I thought I would talk about how glass rods are made in Italy. I think I should mention that information about glass making in Italy and anywhere else for that matter is intensely guarded by those who make their living from it. Back in the 15th and 16th century they use to kill anyone who tried to take this kind of information away from Venice and Murano.
The beautiful colored glass rods we are use to, start out as fine toxic silica dust with a few other mineral elements add and only becomes what we are familiar with after much processing.
One of the things that blow’s my mind is the fact that companies like Effetre / Moretti have to have all the supplies that they use to make glass brought in by small cargo boats. They store all these components in a portion of their huge warehouse complex. The components mostly arrive in paper bags and get moved to big labeled bins in the mixing room. From the bins the components get shoveled into mixers and blended. The minerals that end up in the glass formulas are weighed on counter-balanced scales and the weight of these elements is subject to the influences of the ever present humidity of the Venetian Lagoon where Murano is located. It is so humid on Murano and Venice that the stucco that covers so many walls in the area seems to peel almost as soon as it has been repaired.
After the glass formula is mixed, it is transferred to big bins that can be lifted by forklifts and these bins have lids to keep contaminates out of the bin. The powder mix is loaded into a crucible in a specific kind of glass furnace designed for glass melts. A crucible is a heat resistant container that is made out of a very dense ceramic material that is very expensive and they have a limited life expectancy due to the prolonged heat exposure.
Every time I went to Effetre to interact with the factory, I was always struck by the beauty of all the piles of different color glass cullet (big chunks of glass). I would pester them to sell me these glass chunks and I could not figure out why they were so reluctant to do so. Later I found out that it is customary to throw same color glass cullet into a new batch of glass in the furnace because the cullet absorbs the heat and causes the powder components to melt faster.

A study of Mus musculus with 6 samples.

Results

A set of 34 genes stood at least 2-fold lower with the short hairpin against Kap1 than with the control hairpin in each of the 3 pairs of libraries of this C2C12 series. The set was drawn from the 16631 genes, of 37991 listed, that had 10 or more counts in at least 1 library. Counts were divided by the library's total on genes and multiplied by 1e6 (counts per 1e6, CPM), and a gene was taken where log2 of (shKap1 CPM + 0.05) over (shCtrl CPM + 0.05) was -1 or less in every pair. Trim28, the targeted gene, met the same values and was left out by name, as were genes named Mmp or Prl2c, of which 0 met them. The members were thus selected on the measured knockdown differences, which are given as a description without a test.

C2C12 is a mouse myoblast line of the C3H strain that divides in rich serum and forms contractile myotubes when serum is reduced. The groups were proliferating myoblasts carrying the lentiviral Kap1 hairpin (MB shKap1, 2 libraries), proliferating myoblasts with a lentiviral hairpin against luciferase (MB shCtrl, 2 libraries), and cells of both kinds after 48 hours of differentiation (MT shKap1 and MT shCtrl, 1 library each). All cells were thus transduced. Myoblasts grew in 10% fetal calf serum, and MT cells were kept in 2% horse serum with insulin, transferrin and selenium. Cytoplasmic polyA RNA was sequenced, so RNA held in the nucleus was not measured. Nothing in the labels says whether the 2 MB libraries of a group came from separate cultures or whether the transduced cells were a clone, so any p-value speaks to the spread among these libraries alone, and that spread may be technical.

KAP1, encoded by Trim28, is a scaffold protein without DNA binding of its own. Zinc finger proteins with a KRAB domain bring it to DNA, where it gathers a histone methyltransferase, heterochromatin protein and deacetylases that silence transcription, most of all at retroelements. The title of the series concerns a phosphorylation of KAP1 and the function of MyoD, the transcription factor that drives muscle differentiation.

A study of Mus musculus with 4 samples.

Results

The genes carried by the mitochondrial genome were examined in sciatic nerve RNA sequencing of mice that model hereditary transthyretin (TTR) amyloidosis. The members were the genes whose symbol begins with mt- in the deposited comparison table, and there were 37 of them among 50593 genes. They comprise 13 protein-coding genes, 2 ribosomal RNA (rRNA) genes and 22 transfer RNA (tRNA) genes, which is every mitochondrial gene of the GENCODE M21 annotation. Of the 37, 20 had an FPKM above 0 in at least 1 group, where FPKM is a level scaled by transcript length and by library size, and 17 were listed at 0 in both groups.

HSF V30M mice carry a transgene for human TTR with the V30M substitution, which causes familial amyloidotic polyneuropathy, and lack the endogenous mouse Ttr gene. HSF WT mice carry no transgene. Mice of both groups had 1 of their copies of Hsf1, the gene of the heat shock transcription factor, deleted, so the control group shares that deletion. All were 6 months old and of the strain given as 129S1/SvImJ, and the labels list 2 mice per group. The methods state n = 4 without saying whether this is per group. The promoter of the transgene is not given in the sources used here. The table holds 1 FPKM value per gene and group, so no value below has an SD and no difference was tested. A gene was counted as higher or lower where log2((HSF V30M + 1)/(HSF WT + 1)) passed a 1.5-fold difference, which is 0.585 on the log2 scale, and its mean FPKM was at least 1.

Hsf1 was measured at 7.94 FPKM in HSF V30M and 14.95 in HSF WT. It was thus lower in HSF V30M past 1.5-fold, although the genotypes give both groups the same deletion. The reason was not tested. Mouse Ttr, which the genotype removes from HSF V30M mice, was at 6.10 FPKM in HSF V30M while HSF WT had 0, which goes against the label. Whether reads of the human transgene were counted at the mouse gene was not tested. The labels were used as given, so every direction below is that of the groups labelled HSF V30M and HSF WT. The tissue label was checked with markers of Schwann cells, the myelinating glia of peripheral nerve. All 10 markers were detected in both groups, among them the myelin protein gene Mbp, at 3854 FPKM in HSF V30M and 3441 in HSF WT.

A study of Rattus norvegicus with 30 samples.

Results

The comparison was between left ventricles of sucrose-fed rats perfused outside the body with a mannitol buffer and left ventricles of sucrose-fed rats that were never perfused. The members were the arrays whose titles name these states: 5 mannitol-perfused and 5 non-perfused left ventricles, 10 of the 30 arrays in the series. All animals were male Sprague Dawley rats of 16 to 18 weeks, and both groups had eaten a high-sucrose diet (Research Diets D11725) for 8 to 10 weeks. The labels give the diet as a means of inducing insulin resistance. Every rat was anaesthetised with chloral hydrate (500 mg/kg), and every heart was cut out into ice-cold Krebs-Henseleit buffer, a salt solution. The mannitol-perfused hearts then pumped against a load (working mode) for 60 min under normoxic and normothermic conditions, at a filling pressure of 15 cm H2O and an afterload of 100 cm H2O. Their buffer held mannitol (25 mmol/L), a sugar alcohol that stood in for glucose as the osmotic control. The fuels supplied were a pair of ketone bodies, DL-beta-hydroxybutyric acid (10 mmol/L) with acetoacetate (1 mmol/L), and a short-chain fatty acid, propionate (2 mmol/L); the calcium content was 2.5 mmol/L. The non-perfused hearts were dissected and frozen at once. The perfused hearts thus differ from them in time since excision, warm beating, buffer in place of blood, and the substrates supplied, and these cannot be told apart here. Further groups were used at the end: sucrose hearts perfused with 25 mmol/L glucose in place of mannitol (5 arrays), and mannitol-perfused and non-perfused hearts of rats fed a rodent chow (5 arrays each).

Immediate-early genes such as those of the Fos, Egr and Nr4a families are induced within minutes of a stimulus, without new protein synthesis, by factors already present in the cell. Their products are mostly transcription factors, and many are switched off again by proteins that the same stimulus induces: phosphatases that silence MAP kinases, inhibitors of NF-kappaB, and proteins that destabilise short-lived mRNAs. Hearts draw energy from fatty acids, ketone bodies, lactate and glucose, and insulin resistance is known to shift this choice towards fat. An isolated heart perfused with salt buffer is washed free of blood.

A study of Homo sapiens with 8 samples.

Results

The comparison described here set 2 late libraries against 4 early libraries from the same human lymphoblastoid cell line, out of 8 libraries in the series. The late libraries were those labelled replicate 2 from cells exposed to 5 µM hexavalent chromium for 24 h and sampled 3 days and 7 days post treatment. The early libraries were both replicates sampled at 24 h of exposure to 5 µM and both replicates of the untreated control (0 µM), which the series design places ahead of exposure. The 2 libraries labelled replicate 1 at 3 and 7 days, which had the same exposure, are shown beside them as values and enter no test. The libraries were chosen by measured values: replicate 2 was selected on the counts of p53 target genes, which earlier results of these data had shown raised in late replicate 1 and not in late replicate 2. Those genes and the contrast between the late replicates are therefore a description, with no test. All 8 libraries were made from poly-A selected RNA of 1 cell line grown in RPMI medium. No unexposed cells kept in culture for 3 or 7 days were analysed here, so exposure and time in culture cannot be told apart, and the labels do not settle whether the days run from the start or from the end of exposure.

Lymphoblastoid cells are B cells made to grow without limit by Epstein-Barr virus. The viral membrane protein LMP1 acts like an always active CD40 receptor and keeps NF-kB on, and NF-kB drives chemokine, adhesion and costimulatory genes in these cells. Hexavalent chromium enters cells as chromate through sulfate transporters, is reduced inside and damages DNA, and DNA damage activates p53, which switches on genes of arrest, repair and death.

The factory gets their cullet by pulling out the last few kilos of molten glass out of a finished crucible and put it into a big three legged steel bowl like container to cool in the open air. As the glass cools, it fractures into chunks and when it is completely cool they dump the cullet out on a concrete patio between the warehouses. The cullet sits in this patio until it is needed for the next appropriate glass melt.
When the glass in a melt furnace is ready to be made into rods, the factory lays out dozens and dozens of small wooden slates down the long walk ways between groups of furnaces to provide a place where the long cane pulls can be laid so that it doesn’t touch the cold concrete floors and get thermal shocked. Until I saw this being done, I couldn’t understand why there were these black burn marks on some of the hand pulled glass rods, but when you know that the black marks are caused by the hot glass touching the wood slates it all makes perfect sense.